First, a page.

John 16:16, 20b - (Jesus said) "A little while, and you will see Me no longer; and again a little while, and you will see Me. ... You will be sorrowful, but your sorrow will turn into joy."
There's an old Black spiritual that states, "Nobody knows the trouble I've seen; nobody knows, but Jesus." It moves along in a minor key, and then bursts at last into a shout of triumph: "Glory! Hallelujah!" That's life, all right, isn't it? The storm breaks in full fury; it spends its force; the clouds disperse; and suddenly the sun shines again heartening warm and friendly. Glory! Hallelujah!
There was something like that in the hours leading up to Jesus' crucifixion. The disciples were bewildered. Christ was opening His heavy heart to His intimate friends and was delivering an address which has been aptly described as "rarely mixed of sadness and joy, and studded with mysteries as with emeralds." There was much in it the disciples did not understand. Finally, one of His statements piqued their curiosity to the speaking point. It was this: "A little while and you will see Me no longer; and again a little while, and you will see Me."
They did not dare ask for an explanation. Too often they had been dim to their Master's words. They did not want to grieve Him anymore with their stupidity, especially at a time like this. But they were puzzled enough to ask one another in a whisper: "What is this that He says to us, 'A little while, and you will not see Me, and again a little while, and you will see Me'?" (John 16:17b).
Once more the helpful, all-understanding Jesus came to their relief by saying, "Is this what you are asking yourselves, what I meant by saying, 'A little while and you will not see Me, and again a little while and you will see Me'? Truly, truly, I say to you, you will weep and lament, but the world will rejoice. You will be sorrowful, but your sorrow will turn into joy" (John 16:19b-20).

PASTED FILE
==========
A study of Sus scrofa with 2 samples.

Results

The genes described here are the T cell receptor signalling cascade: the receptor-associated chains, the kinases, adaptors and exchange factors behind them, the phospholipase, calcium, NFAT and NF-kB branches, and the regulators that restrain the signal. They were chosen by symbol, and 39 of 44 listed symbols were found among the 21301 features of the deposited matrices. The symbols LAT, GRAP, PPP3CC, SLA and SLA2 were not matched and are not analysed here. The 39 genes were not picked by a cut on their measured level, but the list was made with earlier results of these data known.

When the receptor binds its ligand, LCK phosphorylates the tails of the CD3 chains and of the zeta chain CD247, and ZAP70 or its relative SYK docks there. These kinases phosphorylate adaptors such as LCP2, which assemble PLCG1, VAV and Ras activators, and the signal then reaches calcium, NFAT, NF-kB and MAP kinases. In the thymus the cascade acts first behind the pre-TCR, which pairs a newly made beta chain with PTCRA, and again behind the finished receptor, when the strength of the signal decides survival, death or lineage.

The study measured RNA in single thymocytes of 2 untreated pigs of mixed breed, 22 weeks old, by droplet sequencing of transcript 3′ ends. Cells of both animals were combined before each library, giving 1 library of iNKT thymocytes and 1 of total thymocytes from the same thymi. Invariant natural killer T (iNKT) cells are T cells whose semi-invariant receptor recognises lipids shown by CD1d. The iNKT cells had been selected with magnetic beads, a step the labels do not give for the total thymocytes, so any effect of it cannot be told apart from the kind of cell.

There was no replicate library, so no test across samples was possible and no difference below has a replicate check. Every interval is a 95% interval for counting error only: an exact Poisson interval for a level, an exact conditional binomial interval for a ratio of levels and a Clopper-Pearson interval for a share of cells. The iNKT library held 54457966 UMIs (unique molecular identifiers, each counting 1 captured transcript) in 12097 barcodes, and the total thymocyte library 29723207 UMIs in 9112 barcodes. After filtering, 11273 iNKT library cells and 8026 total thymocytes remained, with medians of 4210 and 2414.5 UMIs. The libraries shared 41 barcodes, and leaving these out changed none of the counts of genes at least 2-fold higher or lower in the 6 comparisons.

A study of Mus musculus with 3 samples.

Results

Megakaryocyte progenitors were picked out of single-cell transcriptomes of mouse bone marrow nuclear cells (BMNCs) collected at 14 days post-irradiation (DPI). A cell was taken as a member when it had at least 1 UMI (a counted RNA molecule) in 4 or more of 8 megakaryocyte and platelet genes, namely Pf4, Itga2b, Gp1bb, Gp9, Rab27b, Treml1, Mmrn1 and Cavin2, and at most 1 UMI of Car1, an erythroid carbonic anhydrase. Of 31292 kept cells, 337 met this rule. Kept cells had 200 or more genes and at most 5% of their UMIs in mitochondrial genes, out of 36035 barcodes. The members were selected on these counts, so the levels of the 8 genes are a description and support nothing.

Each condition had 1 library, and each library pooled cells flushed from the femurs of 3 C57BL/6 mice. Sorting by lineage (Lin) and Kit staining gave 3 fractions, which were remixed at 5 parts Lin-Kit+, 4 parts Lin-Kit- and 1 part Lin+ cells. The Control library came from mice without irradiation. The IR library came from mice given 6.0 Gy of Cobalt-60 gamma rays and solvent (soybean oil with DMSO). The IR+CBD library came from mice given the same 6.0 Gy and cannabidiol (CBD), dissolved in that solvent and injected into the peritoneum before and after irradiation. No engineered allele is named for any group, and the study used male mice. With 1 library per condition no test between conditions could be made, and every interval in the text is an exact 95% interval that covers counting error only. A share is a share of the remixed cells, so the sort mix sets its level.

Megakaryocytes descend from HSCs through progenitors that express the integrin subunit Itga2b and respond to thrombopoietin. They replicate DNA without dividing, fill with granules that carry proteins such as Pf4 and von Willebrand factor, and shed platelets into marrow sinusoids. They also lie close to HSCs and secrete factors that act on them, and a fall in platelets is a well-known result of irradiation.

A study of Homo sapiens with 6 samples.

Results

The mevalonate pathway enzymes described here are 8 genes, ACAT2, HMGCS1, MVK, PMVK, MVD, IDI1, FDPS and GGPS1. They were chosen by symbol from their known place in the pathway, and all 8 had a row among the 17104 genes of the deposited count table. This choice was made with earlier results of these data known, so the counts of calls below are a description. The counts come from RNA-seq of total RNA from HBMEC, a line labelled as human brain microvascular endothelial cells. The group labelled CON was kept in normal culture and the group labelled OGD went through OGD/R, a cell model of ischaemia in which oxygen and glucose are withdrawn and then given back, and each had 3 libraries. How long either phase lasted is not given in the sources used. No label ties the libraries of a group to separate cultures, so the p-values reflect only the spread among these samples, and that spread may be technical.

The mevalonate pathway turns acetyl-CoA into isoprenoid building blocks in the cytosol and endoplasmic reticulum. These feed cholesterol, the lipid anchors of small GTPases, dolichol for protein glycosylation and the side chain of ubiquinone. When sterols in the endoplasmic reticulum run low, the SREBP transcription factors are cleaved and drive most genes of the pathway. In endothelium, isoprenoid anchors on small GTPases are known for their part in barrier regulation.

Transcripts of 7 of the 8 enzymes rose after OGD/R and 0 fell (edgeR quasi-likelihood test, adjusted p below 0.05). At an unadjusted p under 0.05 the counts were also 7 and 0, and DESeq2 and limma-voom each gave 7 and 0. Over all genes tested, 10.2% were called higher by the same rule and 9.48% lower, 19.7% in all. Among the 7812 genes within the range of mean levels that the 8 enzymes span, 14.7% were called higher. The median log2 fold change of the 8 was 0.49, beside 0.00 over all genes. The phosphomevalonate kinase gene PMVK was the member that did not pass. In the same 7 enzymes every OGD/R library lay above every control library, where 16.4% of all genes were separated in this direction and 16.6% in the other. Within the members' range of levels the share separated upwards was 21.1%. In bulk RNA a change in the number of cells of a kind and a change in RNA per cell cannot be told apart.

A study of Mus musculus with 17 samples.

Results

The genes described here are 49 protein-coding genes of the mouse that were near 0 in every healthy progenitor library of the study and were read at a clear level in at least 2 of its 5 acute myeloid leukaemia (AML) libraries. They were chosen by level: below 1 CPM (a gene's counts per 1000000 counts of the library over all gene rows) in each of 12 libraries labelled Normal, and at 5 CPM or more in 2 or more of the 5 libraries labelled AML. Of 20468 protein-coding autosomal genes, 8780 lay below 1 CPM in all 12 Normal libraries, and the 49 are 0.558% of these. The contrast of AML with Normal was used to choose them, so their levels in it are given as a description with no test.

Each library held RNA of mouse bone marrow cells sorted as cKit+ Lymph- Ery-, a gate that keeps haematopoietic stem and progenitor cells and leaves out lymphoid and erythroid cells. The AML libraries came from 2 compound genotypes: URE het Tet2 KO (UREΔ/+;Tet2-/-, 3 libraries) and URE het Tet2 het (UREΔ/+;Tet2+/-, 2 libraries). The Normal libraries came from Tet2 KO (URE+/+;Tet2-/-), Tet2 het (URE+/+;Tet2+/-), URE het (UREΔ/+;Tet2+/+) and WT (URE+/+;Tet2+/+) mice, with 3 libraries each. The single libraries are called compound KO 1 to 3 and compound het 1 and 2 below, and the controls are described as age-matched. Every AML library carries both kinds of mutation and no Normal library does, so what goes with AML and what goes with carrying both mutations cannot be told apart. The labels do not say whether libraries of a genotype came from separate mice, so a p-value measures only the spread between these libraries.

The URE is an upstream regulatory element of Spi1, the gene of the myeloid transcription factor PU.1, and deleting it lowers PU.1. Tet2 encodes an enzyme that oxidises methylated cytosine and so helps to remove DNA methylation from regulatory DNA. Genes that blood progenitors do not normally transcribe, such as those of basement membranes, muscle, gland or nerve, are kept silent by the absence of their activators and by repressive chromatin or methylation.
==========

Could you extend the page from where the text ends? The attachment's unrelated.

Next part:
It was not the last time the disciples had such an experience, in a little while finding themselves in trouble and again in a little while finding themselves in happy relief. Suddenly, they were in jail. God took a hand, and suddenly they were free. Their work was seriously hampered by enemies. It was most discouraging—for little while. Then God gave them remarkable success.
We notice this in our lives too, don't we? One day we're in turmoil; the next day things suddenly clear. One week we're in the hospital, anxious and concerned; a few weeks later we're grateful to be about our business once more. One hour Christ seems to be far away; a little while later He is standing by our side. Sorrow and joy, doubt and faith, shadows and light, separated by a little while—that's the pattern of our lives.
But we know that when it's all said and done, the Light is here to stay. Jesus has conquered our darkest sorrows. Our deepest wounds find healing balm in His blood. We will do well to remember that when only the pain is felt and the outcome of our trial is still hidden, that He still speaks to us: "a little while and ... your sorrow will turn into joy."
THE PRAYER: Jesus, You are here, always by our side. Remind us daily of this beautiful truth. Amen.
From "A Little While," a sermon excerpt from Rev. Dr. Armin Oldsen, former Speaker of The Lutheran Hour
1. Have you ever been "out of the loop" on understanding some significant piece of information?
2. "Your sorrow will turn to joy"—what do you think the disciples first made of that statement?
3. How do you deal with life's ups and downs in respect to your faith and outlook?